Dr. Alexander Ross

1834 - 1925

A prolific architect, known as the Christopher Wren of the Highlands. Born at Huntlyhill (Angus), the son of an architect who moved his family to Inverness in 1842. Ross was educated at Inverness Royal Academy and Bell's Institution. He worked for his father and then formed a partnership with a school-friend. In 1865, Ross set up his own architectural practise in Dingwall and it is estimated he designed 650 buildings during his career, including churches, manses, schools, distilleries, country houses, shooting lodges and private villas.

Ross was responsible for many of the Victorian houses in Inverness but, in particular, he transformed the west bank of the River Ness with the building of Inverness Cathedral (1866) and its associated Bishop's Palace (1878), together with laying out Ardross Street, Ardross Terrace and Ness Walk (1873), and designing the Palace Hotel (1890) and Columba Hotel (1881). Elsewhere in the town, Ross laid out much of Academy Street, Queensgate and Union Street.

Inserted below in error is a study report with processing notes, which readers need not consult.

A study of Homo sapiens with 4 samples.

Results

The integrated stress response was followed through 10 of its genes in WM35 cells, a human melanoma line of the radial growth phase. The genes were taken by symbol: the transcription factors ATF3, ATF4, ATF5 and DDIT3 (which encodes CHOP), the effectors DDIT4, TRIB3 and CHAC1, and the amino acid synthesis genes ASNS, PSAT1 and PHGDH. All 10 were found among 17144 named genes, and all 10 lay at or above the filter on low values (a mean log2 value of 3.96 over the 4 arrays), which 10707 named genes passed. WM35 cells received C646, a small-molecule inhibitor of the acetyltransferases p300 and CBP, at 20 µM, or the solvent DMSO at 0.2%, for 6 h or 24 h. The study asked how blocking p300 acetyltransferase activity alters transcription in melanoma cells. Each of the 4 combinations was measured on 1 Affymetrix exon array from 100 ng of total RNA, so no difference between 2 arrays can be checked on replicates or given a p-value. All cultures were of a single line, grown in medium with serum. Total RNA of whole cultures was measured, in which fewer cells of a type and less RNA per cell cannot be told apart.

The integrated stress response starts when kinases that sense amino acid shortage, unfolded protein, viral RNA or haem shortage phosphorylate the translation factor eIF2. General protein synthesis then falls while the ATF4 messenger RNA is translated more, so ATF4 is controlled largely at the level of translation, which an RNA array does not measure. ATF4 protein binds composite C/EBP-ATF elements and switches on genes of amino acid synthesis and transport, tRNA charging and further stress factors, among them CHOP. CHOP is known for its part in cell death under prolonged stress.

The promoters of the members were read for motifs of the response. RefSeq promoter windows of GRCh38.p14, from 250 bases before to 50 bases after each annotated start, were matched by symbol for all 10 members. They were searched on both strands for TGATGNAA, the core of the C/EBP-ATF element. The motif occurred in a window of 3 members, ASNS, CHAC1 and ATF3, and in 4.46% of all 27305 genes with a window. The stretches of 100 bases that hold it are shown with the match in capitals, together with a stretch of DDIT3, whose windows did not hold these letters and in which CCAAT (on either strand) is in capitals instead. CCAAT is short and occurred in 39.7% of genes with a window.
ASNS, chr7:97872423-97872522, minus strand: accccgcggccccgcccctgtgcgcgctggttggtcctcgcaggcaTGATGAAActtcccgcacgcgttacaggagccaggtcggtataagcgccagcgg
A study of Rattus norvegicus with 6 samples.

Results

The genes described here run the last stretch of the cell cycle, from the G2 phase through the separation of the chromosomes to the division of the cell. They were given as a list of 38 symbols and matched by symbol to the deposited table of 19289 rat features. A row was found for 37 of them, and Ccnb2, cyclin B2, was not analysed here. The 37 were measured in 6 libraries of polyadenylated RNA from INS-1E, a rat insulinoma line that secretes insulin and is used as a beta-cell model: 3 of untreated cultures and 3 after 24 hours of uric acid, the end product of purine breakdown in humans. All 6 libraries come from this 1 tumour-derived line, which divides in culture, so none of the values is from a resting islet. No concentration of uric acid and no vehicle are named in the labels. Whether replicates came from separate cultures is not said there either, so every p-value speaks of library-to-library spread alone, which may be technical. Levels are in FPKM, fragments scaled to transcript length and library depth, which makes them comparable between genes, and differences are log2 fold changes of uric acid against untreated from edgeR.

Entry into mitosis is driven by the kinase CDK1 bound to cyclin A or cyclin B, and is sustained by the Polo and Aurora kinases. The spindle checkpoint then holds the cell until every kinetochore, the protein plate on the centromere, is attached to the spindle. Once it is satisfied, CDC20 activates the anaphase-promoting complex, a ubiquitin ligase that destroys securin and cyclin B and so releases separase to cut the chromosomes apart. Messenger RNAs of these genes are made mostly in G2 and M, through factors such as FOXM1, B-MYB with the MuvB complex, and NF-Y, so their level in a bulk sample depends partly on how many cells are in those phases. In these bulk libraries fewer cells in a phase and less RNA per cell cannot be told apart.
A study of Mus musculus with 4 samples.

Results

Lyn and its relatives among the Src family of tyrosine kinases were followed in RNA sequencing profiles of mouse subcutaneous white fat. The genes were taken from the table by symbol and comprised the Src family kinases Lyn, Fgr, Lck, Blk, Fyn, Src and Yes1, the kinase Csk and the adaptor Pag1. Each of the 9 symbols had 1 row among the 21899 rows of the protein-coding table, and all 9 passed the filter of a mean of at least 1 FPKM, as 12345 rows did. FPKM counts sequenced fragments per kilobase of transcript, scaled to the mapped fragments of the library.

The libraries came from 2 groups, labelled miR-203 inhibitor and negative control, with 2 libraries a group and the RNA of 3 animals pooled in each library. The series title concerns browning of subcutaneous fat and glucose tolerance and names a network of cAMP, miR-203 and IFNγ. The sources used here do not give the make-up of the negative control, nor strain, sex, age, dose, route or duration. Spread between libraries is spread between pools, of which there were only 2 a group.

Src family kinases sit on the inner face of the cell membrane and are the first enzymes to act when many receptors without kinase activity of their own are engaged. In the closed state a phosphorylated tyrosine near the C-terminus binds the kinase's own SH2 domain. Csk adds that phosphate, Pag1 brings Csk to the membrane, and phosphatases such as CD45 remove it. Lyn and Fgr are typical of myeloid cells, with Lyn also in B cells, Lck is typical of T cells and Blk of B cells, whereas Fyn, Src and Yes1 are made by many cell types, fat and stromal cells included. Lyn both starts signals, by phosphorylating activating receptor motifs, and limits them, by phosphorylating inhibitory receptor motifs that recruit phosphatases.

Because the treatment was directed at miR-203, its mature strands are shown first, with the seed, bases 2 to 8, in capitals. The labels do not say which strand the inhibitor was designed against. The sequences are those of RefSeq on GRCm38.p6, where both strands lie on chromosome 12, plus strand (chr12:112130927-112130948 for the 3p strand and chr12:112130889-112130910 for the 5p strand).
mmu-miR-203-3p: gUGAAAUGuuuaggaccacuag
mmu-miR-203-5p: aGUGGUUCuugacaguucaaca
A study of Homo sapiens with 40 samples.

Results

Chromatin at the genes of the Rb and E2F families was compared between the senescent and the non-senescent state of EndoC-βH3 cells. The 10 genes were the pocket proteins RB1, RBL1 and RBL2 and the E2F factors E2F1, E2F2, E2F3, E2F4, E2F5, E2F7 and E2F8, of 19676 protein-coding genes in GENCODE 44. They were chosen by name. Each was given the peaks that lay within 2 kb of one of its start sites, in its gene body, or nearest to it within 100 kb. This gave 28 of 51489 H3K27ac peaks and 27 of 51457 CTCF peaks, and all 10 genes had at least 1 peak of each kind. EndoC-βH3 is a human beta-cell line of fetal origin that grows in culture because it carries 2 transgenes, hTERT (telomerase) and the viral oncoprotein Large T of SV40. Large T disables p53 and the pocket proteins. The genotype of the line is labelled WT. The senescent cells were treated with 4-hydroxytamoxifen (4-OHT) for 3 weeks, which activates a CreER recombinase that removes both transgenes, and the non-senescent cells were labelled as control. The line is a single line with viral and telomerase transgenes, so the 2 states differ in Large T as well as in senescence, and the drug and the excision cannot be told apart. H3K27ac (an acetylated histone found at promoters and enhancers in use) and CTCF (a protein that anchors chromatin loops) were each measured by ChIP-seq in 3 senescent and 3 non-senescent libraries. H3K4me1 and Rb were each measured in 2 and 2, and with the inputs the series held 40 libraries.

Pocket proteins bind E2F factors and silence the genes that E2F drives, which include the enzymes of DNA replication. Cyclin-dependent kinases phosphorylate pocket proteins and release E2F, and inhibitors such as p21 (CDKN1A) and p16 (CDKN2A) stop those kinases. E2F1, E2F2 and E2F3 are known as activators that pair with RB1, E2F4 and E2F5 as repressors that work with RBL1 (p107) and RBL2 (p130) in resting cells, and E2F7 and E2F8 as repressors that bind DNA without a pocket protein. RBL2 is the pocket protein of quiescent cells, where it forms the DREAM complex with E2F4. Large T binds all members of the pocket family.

Ross was somewhat of a social climber, making use of connections as a volunteer army officer and as a mason to further his career. He married Mary Finlayson, daughter of Sir Alexander Matheson's factor on the island of Harris, and this brought Ross the role of factor of Matheson's Inverness estate in 1868. He went on to build both Ardross Castle (1880) and Duncraig Castle (1899) for Matheson and remodelled Skibo Castle (1899) for the steel-maker and philanthropist Andrew Carnegie (1835 - 1919).

Beyond architecture, he had extensive business interests; he was a Director of the Northern Infirmary, Inverness College, the Caledonian Bank and Inverness Tweed Mill. He was also a major shareholder of the Rose Street Foundry. He served as Provost of Inverness (1889-95) and was one of the founders of the Inverness Scientific Society and Field Club, and the Gaelic Society of Inverness

He retired only two years before his death at the age of ninety. His funeral was held at Inverness Cathedral and he lies buried in Tomnahurich Cemetery. A plaque in his memory was unveiled within Inverness Cathedral in 1990.